Achievement gaps between white students and students of color remained large—over 30 percentage points in some instances—and average eighth-grade reading and math scores declined according to the latest results on the National Assessment of Educational Progress (NAEP), also known as the Nation’s Report Card. Released on October 28, NAEP results indicate that average fourth-grade math scores also dropped while fourth-grade reading scores were unchanged.
“One downturn does not a trend make, and that’s what we’re comfortable in saying about the data,” said Peggy Carr, acting commissioner of the National Center for Education Statistics, which released the results. “We’re trying not to read too much into a decline at this point.”
Alliance for Excellent Education President Bob Wise also preached caution in interpreting the results. “Using a single test to determine the success or failure of education reform movements such as college- and career-ready standards is like checking only the windshield wipers during a vehicle inspection,” he said in a statement. “The true value in the Nation’s Report Card is its status as the only national measure that permits comparisons across states and within various subgroups of students. The NAEP results will help policymakers and educators continue to understand the needs of all students and improve instruction that results in meaningful learning.”
Based on the results, there is still a lot of work to do. Nearly one-quarter (24 percent) of eighth graders performed below the basic level in reading, indicating that they likely struggle to identify statements of main idea, theme, or author’s purpose and make simple inferences from texts. In math, 29 percent of eighth graders performed below the basic level, suggesting that they likely struggle to complete problems correctly with the help of structural prompts such as diagrams, charts, and graphs, and probably cannot use fundamental algebraic and informal geometric concepts in problem solving.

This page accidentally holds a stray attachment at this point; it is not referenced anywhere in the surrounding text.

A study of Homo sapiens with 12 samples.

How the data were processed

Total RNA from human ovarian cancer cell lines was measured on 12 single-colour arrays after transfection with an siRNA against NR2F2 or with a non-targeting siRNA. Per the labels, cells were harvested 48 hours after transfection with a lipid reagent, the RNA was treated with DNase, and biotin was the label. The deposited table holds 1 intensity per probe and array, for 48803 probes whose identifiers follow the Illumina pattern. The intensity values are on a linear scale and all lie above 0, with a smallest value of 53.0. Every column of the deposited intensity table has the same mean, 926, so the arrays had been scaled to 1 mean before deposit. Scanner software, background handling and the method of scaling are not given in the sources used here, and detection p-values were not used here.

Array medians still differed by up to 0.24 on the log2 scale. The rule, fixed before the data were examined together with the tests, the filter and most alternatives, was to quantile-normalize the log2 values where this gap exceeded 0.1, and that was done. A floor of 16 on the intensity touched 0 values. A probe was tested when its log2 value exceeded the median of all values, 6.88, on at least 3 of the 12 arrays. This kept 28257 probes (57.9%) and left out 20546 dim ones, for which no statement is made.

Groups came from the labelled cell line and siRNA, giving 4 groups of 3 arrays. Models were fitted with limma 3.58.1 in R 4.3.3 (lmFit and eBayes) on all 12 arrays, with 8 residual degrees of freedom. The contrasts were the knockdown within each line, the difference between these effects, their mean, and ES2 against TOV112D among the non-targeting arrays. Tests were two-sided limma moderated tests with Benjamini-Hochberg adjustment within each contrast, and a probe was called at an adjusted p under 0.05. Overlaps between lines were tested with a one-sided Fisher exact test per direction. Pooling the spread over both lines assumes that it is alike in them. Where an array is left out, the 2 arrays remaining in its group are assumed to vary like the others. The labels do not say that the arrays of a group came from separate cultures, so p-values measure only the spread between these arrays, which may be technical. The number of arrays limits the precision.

The percentage of eighth graders scoring at the proficient level, which indicates a solid grasp of the subject matter, declined from 36 percent to 34 percent in reading and from 35 percent to 33 percent in math.
Among individual groups of students, there was no significant change in racial/ethnic score gaps for eighth-grade students in reading. Asian students posted the highest average score (281 on the 500-point scale), followed by white students (274), Hispanic students (253), American Indian/Alaska Native students (252), and black students (248). The 26-point difference in the average reading score for white students compared to black students has not narrowed significantly since 2005.
In eighth-grade math, white, black, and Hispanic students posted lower scores while scores for Asian students were unchanged. Again, Asian students had the highest average score (307), followed by white students (292), Hispanic students (270). American Indian/Alaska Native students (267), and black students (260). The 32-point difference between white students and black students has not changed since 2007. In four states/jurisdictions (District of Columbia, Minnesota, Nebraska, and Wisconsin), the difference in the average math scores between white and black students was 40 points or more. West Virginia, with a 16-point difference, was the only state with a white-black average score difference below 20 points.
At the state level, the average eighth-grade reading scores increased in only one state (West Virginia) while no states posted significant score gains in eighth-grade math. For fourth grade, average reading scores were higher in thirteen states/jurisdictions while average math scores were higher in the District of Columbia, Mississippi, and U.S. Department of Defense schools.
Massachusetts, New Hampshire, and Minnesota had the highest average eighth-grade math scores while the District of Columbia, Alabama, and Louisiana posted the lowest. In reading, New Hampshire, Massachusetts, and Vermont had the highest eighth-grade reading scores while the District of Columbia, Mississippi, and New Mexico posted the lowest.
Among the twenty-one large urban school districts that participated in NAEP’s Trial Urban District Assessment, six improved their scores from 2013 for at least one grade and one subject. Math scores increased in four urban districts and decreased in ten urban districts in at least one grade. Reading scores increased in five urban districts and decreased in three urban districts in at least one grade.
The complete results are available at http://www.nationsreportcard.gov/.